President Joe Biden speaks during a National Governors Association meeting in the East Room of the White House in Washington, D.C., Monday. Photo by Oliver Contreras/UPI | License Photo
Jan. 31 (UPI) -- President Joe Biden on Monday urged U.S. governors to embrace available federal help for a range of needs while the state leaders called on the administration to "move past" COVID-19 restrictions.
During his meeting with 30 members of the National Governors Association in the East Room of the White House, Biden called on them to access federal funding to address such concerns as crumbling infrastructure, gun violence and child care through the $1.9 trillion COVID-19 relief bill known as the American Rescue Plan.
"A major part [of the Rescue Plan] was $350 billion allocated to your states and local budgets, as well as funds for school and for childcare," he said. "And we know the difference this has made in jobs. Last year, we had the greatest job growth in American history, and as part of that, state and local jobs grew by 464,000 -- the most in 20 years."
Under the school funding portion of the bill, he said, "there's a lot of money you have there for everything from dealing with ventilation to clean buses -- school buses and everything in between. There's no reason why we can't keep our schools open, in my view."
Addressing an uptick in crime during the pandemic, Biden said, "I made it clear we should use these funds to combat violent crime as well, including hiring additional police officers and investing in community violence interventions that have been proven to work in communities."
Following the meeting, the association's leaders told reporters they had asked Biden to provide "clear guidelines" on how to "move away" from ongoing COVID-19 restrictions.
"People are striving for a more normal life," said Arkansas Gov. Asa Hutchinson, the group's Republican chairman, while also acknowledging that "obviously, you can't move away from a virus that's still there."
There was "a lot of good discussion about what does the road from pandemic to endemic look like? How do we keep score?" added Gov. Phil Murphy of New Jersey, the group's Democratic vice chairman.
During the meeting, Hutchinson urged the U.S. Centers for Disease Control and Prevention to provide more clarity over when states will be able to individually move into endemic status and away from the current COVID-19 pandemic status.
"We need the CDC to help us to have the right standards to end this pandemic and move to more endemic status," he said. "And so that's an important element that we as governors, in a bipartisan way, hope that the CDC can be helpful to define that more clearly. We want to go from today to more normal."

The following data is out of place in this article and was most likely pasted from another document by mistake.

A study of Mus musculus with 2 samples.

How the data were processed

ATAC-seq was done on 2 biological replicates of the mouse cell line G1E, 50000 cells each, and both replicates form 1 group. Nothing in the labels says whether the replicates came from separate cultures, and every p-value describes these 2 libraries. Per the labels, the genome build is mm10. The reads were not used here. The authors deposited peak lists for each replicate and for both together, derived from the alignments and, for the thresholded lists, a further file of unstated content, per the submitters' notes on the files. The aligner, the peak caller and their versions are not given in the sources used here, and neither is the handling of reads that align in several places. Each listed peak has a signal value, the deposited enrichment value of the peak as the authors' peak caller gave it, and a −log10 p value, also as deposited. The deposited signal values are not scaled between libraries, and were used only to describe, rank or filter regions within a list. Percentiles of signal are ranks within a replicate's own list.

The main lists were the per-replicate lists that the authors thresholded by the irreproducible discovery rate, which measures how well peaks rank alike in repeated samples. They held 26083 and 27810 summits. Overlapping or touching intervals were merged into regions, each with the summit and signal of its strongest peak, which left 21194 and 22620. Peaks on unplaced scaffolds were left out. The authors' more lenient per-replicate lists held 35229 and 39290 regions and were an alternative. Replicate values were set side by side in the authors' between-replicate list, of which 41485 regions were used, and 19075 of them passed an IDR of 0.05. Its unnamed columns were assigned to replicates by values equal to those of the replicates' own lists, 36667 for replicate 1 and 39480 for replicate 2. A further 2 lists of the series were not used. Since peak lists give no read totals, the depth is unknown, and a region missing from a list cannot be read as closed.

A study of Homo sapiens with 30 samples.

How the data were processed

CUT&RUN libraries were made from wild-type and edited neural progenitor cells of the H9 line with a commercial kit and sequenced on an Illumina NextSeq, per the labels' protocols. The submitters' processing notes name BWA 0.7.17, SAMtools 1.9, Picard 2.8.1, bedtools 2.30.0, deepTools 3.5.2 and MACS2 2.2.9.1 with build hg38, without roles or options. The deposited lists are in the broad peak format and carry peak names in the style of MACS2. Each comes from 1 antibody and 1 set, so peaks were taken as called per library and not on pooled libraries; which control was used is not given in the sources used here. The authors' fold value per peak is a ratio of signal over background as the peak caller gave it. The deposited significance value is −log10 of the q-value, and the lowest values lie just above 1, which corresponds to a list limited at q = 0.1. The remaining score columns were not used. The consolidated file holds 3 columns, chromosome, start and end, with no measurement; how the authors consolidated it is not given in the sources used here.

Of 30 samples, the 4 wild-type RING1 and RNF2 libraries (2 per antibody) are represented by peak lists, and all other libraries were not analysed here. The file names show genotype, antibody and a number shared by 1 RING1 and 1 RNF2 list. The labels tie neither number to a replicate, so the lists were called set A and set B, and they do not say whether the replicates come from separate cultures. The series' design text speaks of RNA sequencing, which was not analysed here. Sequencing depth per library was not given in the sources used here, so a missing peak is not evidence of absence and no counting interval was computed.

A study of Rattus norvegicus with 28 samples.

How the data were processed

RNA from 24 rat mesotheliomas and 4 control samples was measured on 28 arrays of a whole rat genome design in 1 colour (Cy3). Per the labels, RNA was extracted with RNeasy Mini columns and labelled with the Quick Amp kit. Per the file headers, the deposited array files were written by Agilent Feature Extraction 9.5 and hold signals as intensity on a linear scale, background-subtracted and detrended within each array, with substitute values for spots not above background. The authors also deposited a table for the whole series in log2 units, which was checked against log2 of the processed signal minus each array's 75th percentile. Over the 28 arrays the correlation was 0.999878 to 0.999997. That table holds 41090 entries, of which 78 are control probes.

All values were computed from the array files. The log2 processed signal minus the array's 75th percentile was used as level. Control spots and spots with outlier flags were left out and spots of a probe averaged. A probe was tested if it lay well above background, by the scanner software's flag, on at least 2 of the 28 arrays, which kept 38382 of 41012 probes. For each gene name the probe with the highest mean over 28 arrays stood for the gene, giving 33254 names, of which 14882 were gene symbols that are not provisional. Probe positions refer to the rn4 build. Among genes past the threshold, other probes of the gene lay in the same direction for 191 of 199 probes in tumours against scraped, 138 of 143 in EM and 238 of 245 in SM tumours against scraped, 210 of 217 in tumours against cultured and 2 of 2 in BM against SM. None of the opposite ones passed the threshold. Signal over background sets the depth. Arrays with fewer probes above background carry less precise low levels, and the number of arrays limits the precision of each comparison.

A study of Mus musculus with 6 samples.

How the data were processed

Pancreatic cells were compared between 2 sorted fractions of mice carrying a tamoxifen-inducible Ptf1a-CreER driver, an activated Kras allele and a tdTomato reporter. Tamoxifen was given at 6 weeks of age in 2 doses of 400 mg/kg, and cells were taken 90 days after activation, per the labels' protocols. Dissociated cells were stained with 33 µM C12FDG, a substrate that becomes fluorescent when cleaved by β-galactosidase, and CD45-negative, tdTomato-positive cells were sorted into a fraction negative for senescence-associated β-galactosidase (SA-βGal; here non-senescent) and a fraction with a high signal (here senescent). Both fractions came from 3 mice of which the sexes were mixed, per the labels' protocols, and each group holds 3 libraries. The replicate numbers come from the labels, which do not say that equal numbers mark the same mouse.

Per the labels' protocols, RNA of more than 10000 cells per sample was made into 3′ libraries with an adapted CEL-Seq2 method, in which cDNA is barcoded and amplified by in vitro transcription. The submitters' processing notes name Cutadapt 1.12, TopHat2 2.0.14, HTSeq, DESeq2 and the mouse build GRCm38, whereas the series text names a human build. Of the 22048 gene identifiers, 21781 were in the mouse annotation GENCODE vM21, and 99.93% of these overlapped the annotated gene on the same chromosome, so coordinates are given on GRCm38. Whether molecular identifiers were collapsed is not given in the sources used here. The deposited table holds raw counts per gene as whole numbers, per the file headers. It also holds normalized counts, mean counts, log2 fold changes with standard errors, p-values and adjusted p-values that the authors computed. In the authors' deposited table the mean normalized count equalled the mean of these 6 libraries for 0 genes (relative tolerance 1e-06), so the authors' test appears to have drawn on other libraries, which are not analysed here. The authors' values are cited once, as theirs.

Hutchinson has been supportive of Biden's handling of the COVID-19 situation and urged people in his conservative state to get vaccinated.
Earlier in the meeting, Vice President Kamala Harris urged the group to protect American voting rights, at a time when the issue has garnered national attention.
Recently passed election laws in a number of Republican-led states, led to the introduction of the Freedom To Vote Act, which would enact a number of voting reforms.
Harris struck a conciliatory tone from the outset, referring to examples of cooperation between the federal and state governments.
"When we in particular face crises, we come together regardless of party affiliation to do the work that must be done. So we are looking at historic challenges and new challenges, that range from the climate crisis, to COVID, to cybersecurity. And together we will continue to work as we have over the last 12 months," said Harris, before segueing into the subject of voting rights.
"I would also like to ask, that in the spirit of bipartisanship, that we think about our partnership in the context of our states being laboratories of our democracy, and in particular on the issue of voting," said Harris
"I believe that regardless of who we voted for in the last election, we all, as leaders of our nation, understand the importance of ensuring that all people who are eligible to vote have an ability and a meaningful ability to vote and access to the ballot. So I would ask that in this coming year, we work together to ensure that all Americans who are eligible to vote actually have meaningful access to the ballot."
Gov. Greg Abbott, R-Texas, and Gov. Brian Kemp, R-Ga., did not attend the meeting. Both GOP-controlled states passed voting legislation last year critics argue will disproportionately impact Black voters and voters with disabilities.
Hutchinson, Gov. Brad Little, R-Idaho and Gov. Doug Ducey, R-Ariz., were three of the Republicans to attend the conference.
Biden said keeping schools open is an essential part of heading in that direction.
"Getting kids to school is an essential step to getting our economy back to normal, we're not quite there yet. But we also know that if people find they can afford childcare, they'll get back to work as well," Biden said.
"America is one of those nations, I think the only nation that has come out of every crisis stronger than it went into the crisis. We've had a crisis, we've come out, we've been stronger. I think that's where we are again. I think we have a chance to restate and re-assert our world leadership on a whole range of issues and lead the world on everything from the environment to immigration."